HE MAY be an England soccer legend, synonymous with many a magical moment in the all-white of the Three Lions, but David Beckham is also uniquely connected to Ireland.
It could even be argued that the free-kick maestro wouldn’t be the man he is today without the influence of the Emerald Isle.
“I love Ireland honestly,” he once told the Irish Independent. “I'm not just saying it because you're sat here asking me but I promise you I love Ireland.”
Here are five examples of the special connection between Goldenballs and the island of Ireland.
5. Irish beginnings
Some of the most defining moments and people in Beckham’s life are tied to Ireland.
He was part of the Manchester United youth squad that celebrated success in the 1991 Milk Cup on the north coast of Northern Ireland with a Red Devils side containing many of the fabled Class of ’92 beating Hearts of Midlothian 2-0 in the final.
The likes of Paul Scholes, Gary Neville, Nicky Butt, Robbie Savage and Keith Gillespie all featured along with Beckham in games played across Portrush, Portstewart, Castlerock, Limavady, Coleraine, Ballymoney, Ballymena and Broughshane.
That visit to Ireland was crucial to Beckham’s learning as a footballer and was an equally important place for his wife, Victoria.
“My first trip abroad with Manchester United was in Ireland in the Milk Cup and I spent so much time there,” Beckham once told Joe.
“When Victoria was in the Spice Girls, she was living there for about six months. So, it was always a big part of my life and Victoria’s as well.”
4. Irish wedding
Their mutual love of Ireland culminated in the summer of 1999, when they were married at the 15th century Luttrellstown Castle in Clonsilla on the outskirts of Dublin.
“One of the reasons I wanted to get married in Ireland is because I felt there was a connection in some way,” Beckham once said.
“Once we decided to get married, and where we wanted the venue and where we wanted our friends to celebrate with us Ireland was the natural choice for us.”
3. Irish unrest
During an interview for BBC Radio 4’s Desert Island Discs, Beckham also revealed how an impromptu trip to see Victoria in Ireland landed him in trouble with Manchester United manager Sir Alex Ferguson and sow the seeds for his eventual departure for Real Madrid.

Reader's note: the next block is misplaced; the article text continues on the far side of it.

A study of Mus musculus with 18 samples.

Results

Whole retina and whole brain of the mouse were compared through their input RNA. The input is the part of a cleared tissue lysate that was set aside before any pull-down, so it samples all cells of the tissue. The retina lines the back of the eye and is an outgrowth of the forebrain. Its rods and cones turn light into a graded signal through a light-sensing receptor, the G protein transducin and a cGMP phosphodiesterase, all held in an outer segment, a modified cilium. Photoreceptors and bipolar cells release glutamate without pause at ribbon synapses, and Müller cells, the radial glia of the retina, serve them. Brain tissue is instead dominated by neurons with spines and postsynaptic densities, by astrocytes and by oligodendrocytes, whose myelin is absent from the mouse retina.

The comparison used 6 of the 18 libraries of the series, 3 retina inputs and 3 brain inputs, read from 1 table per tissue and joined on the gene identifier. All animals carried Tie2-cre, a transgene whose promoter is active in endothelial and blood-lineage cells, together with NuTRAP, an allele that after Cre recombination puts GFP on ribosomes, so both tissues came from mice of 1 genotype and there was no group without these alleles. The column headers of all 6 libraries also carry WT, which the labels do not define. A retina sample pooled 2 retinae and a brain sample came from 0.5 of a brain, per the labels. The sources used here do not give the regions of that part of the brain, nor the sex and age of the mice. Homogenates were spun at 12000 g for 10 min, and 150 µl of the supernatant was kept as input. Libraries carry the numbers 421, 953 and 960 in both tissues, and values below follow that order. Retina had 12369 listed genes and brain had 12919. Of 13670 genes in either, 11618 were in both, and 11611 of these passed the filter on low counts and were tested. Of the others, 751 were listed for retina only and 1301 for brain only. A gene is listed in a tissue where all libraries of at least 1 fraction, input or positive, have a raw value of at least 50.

"There was one occasion when Victoria was in Ireland, I had a day off so I flew over to Ireland. I didn't feel I needed to tell the manager what I was doing,” Beckham said.
"As I was coming back at 6am for training, I was sat in the lounge and the manager walked in. He didn't talk to me. I knew I was in a little bit of trouble.
"I can understand the manager then thinking, 'Okay, he's not looking after his body,' or 'he's not resting as he should do'.
"All the manager ever wanted was the best for the team, the best for the club and the best for the individual."
2. Irish leaders
Arguably the biggest Irish influence on Beckham’s career came in the pitch in the form of teammate and former Manchester United captain Roy Keane.
“You know I've never played with a player that has been so driven and talented and the will to win, you know there is no one that I've played with that is like Roy,” Becks once told the Irish Independent.
“He's the best captain I've ever played with. The best mid-fielder I've ever played with,” the former England captain added.
1. Irish stout
The dead ball king’s love of Ireland extends to the people and a particular tipple, of course.
“Every time I visit Ireland, it's really unbelievable,” he once said.
“The people are so nice, and I love Guinness so I can't wait to come back.”
Once snapped enjoying a pint of the black stuff with none other than Tom Cruise, Beckham has always been someone able to back up his words with actions.
And given his global popularity, it’s fair to say most Irish people would be happy to welcome Becks back to the Emerald Isle again soon too.